Imperfect Argument for the Existence of a Perfect God, By Goldwin Emerson

Imperfect Argument for the Existence of a Perfect God

By Goldwin Emerson

June 16, 2017 online, London Free Press

In the 11th century, St. Anselm was archbishop of Canterbury in England. He endeavoured to form a logical and rational argument supporting the existence of God. His argument came to be called the ontological argument in support of God’s existence.

Anselm based his thinking on reason and on the view that it would be absurd not to believe in God. In other words, in Anselm’s view, the position of the atheist would be unreasonable or illogical. On the other hand, the religious believer’s ideas would be clear, rational and logical and stand on their own merits.

Arguments that are similar to Anselm’s are known in philosophy as “a priori arguments,” which are thought to be so logical they need no additional supporting evidence. They stand on their own merits.

For example, if someone is taller than six feet they must also be taller than five feet. In philosophy such a priori statements do not require measurements or other physical devices to be confirmed as true. They are true because they are logical and rational.

Anselm believed the concept of God as a perfect being would be a concept that would not, and could not, be improved upon. Because of its perfection, his God‐ concept, if attained completely, was one wherein no better concept of God could exist.

He argued as well that the concept of a perfect God would, in order to be fully realized, include God’s existence because a God that existed would be a more complete and perfect God than a God that did not exist. If and when religious believers could conceive of such a perfect God they would “know” it was absurd to entertain the idea that such a perfect and complete God did not exist and the position of the atheist would be irrational.

The religious believer’s concept would be an a priori truth that needed no further evidence because the concept would be perfect and complete in itself. In Anselm’s ontological argument once a person grasped the idea of a perfect God, the reality of the concept would be powerful and realistic without need for additional proof. No further evidence of God’s existence of such a perfect God was needed because the concept itself was perfect and whole.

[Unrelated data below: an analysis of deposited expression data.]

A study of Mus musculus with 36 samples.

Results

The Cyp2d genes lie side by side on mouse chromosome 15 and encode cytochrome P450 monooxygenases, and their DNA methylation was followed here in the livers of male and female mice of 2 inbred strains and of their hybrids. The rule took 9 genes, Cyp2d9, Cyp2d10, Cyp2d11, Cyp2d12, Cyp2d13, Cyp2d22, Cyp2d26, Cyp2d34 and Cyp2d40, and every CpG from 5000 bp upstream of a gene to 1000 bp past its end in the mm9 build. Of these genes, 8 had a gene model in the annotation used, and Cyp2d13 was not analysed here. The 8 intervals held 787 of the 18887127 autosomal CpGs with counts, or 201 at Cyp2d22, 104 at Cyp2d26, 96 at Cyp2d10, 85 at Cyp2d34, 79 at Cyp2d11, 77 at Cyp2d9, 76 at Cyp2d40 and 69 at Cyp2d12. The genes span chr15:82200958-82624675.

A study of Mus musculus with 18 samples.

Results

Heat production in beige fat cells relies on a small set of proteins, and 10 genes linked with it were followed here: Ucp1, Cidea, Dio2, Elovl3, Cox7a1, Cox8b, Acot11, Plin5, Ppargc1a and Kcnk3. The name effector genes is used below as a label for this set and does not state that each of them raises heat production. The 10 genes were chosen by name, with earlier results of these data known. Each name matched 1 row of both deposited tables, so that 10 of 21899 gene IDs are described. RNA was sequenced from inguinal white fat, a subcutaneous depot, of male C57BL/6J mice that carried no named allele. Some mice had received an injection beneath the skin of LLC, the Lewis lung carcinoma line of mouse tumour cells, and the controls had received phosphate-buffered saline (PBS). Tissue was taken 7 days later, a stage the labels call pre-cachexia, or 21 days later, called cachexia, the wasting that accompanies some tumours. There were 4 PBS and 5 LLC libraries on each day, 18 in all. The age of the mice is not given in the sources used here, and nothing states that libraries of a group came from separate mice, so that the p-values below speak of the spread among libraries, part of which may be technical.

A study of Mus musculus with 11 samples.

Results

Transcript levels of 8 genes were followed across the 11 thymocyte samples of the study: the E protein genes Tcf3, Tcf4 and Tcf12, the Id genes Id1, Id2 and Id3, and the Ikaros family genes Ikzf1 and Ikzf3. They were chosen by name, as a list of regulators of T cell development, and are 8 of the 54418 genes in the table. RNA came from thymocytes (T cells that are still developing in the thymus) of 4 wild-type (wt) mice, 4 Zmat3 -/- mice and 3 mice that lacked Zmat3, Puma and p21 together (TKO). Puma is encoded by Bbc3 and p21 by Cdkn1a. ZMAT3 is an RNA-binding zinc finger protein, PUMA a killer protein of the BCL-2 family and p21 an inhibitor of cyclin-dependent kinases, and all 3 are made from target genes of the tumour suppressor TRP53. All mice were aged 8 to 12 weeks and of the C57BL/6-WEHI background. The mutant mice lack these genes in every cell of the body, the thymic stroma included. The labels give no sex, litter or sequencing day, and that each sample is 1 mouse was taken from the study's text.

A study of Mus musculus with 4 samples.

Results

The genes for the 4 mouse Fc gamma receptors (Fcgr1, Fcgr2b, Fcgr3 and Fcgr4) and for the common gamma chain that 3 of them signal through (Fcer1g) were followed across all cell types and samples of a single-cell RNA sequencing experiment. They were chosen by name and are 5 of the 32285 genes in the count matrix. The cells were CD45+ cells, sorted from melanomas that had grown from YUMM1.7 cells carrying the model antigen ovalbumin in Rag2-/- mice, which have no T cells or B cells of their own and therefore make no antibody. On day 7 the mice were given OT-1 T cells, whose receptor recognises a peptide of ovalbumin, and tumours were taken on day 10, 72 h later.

Anselm’s ontological argument for God’s existence is studied in theology and to a lesser extent in general philosophy. As expected, Anselm’s ontological argument has its supporters and detractors. Here are some of the questions and issues raised by Anselm’s ontological argument:

• It requires a concentrated effort and integrity for adherents to have a perfect concept of a perfect God.

• Would the same view of God be apparent to different believers so that those who needed no further personal proof or evidence of God could understand and accept and communicate harmoniously with other ontological believers?

• Is it true that if a perfect concept of God was achieved, it would be so obvious it needed no further evidence apart from the belief?

• The number of adherents who shared a perfect ontological concept of God would be much fewer than the number of regular believers in God.

• The theologian Gaunilo, a Benedictine monk and contemporary of Anselm, did not accept that the existence of God would be automatically implied even when the concept was perfect. This problem was also raised by the moral philosopher Immanuel Kant in his 18‐century assessment of Anselm’s ontological proof.

• The ontological concept of God is not considered by most theologians as among the best arguments for God’s existence. It is more obscure and not as commonly accepted among regular religious adherents.

• Even the most conscientious believers in a perfect God may likely hold a variety of differing opinions — a fact that can be evident from the large number of world religions. An estimate of the total number of world religions is 4000 or more. Thus the best concepts and most perfect ideas of a perfect God could, according to the ontological argument, result in many varieties of evidence supporting many different notions of a perfect God.

Modern day theological support for St. Anselm’s ontological argument has been on the decline in the past century.

Goldwin Emerson is a London professor emeritus of education with an interest in philosophy and moral development.